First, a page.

Delve (verb)

Definition

1.     To dig or labor with or as if with a spade.

2a.   To make a careful or detailed search for information

2b    to examine a subject in detail.

(Ref: Merriam-Webster Online, Word of the Day, 18 September 2020)

Use it in a sentence

My mother warned me not to ask too many questions – that a lump of coal under extreme pressure can become a diamond, but only if left buried underground for centuries. I pointed out that it was just a silly myth and, in fact, I’d watched a video that turned a spoonful of peanut butter into a diamond and that was no truer than the coal lie.

‘You’re missing the point,’ she grumbled. ‘Just leave it alone!’

But once you think someone, your boyfriend, is somehow not who he seems, even after so many years, you cannot rest easy until you delve a little deeper. My mother, desperate for a grandchild, would forgive him anything, if it meant he would marry me and produce offspring sometime soon.

It’s just that, when he arrived home at night, he seemed breathless, as though he’d just escaped some calamity and was quite relieved to be indoors. ‘Alright?’ I’d ask. And he’d stare at me for a moment before smiling broadly. ‘Yep! Just a long and busy day!’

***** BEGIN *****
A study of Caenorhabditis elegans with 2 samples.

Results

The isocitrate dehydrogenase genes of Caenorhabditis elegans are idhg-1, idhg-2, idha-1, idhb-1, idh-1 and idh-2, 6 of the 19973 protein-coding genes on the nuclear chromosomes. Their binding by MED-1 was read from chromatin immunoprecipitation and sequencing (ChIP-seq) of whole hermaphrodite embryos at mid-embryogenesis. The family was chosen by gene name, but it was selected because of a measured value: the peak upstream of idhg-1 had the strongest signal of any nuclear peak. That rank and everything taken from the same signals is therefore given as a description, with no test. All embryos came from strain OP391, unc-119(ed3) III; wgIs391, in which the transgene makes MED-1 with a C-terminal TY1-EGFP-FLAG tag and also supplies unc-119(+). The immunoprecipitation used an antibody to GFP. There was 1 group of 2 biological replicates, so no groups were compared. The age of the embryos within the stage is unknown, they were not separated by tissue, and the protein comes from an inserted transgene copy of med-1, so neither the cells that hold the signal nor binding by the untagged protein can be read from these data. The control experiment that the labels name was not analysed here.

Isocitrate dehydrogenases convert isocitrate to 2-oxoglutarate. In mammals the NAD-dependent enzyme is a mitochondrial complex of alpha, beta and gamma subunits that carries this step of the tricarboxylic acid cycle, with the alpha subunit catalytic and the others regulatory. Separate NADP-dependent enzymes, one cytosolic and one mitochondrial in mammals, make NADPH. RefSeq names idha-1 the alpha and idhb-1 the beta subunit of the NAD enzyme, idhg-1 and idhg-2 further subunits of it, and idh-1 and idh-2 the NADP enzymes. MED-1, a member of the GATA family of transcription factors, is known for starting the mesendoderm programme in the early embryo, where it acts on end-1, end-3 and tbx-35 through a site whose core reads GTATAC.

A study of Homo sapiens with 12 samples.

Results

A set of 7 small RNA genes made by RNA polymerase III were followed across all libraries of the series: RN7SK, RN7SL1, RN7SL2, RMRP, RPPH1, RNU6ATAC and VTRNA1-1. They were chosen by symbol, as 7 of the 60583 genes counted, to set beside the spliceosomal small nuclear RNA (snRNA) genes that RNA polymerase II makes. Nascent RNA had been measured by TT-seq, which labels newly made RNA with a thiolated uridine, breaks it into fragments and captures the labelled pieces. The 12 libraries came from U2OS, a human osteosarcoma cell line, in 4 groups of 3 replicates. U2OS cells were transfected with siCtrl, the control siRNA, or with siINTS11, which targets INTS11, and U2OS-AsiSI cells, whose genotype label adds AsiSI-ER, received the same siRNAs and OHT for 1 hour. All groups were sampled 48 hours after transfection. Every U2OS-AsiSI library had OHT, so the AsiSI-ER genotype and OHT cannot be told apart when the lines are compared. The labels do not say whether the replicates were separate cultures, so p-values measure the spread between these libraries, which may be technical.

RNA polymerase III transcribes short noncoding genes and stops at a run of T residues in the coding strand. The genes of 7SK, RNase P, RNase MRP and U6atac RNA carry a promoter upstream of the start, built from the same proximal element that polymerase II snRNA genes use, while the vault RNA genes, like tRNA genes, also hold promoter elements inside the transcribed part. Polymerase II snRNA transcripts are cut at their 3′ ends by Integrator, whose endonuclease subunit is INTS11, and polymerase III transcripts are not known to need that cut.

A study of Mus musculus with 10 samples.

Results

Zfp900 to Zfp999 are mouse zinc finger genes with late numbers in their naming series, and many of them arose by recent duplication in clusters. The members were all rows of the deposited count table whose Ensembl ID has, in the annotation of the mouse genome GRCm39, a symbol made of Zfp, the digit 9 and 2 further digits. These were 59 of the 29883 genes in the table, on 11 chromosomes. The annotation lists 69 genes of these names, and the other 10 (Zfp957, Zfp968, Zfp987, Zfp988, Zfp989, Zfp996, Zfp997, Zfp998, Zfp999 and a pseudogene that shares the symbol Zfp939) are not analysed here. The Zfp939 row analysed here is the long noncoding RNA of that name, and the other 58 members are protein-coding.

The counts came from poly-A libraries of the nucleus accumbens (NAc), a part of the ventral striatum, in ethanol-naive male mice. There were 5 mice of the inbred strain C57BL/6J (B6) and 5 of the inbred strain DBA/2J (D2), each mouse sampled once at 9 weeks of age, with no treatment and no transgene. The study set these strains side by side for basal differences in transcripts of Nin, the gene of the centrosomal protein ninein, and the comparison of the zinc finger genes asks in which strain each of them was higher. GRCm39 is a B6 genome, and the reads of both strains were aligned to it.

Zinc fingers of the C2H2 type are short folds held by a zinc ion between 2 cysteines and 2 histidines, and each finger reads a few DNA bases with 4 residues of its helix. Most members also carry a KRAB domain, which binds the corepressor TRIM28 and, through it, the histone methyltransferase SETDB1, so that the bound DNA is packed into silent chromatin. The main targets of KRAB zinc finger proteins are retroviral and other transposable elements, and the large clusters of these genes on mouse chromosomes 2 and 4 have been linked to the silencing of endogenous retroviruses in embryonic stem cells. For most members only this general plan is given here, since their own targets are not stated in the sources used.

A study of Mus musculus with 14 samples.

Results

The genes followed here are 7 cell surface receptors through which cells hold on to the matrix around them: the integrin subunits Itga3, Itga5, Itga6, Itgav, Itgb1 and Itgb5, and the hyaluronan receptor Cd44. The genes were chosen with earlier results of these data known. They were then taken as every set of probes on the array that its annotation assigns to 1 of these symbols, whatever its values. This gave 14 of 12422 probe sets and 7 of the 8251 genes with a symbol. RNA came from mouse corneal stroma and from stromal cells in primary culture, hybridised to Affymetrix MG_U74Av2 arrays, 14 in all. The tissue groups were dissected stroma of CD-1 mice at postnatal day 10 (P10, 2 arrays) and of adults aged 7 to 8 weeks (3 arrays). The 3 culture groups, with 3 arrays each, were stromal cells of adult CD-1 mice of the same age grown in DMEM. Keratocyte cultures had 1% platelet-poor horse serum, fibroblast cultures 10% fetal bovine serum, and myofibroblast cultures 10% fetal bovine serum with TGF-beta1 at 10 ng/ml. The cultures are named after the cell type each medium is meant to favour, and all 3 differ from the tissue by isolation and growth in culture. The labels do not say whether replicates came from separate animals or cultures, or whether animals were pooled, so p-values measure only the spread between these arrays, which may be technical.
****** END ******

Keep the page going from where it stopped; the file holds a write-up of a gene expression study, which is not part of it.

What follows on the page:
He worked in an independent book shop that was only kept afloat by a handful of loyal repeat customers.

Then there was the unusual smell on his clothes. Not perfume. Nothing like that. No, it was more like leather. It was faintly animalistic, with rich earthy undertones. It wafted after him when he went to wash his hands. But the smell was in his clothes, and until he changed his shirt, it lingered on my palate, like cigarette smoke.

It was not the smell of modern paperbacks.

One night, I snooped through his briefcase. Not my finest hour, I know. But my curiosity was eating away at me and the more I casually dropped pointed questions, the more evasive he became. I quickly flicked open the latches whilst he showered. I found the usual briefcase detritus – half an orange wrapped in a sticky napkin, several used bus tickets, a packet of chewing gum, and three leaky pens. But, there was also a crumpled up newspaper clipping about the Botswana government looking for a new hangman, a box of matches (he didn’t smoke), a pair of socks (clean, I think) scrunched up into a ball, and an appointment card for laser hair removal.  

Confounded, I snapped the briefcase shut, and held still for a moment. What on earth was going on?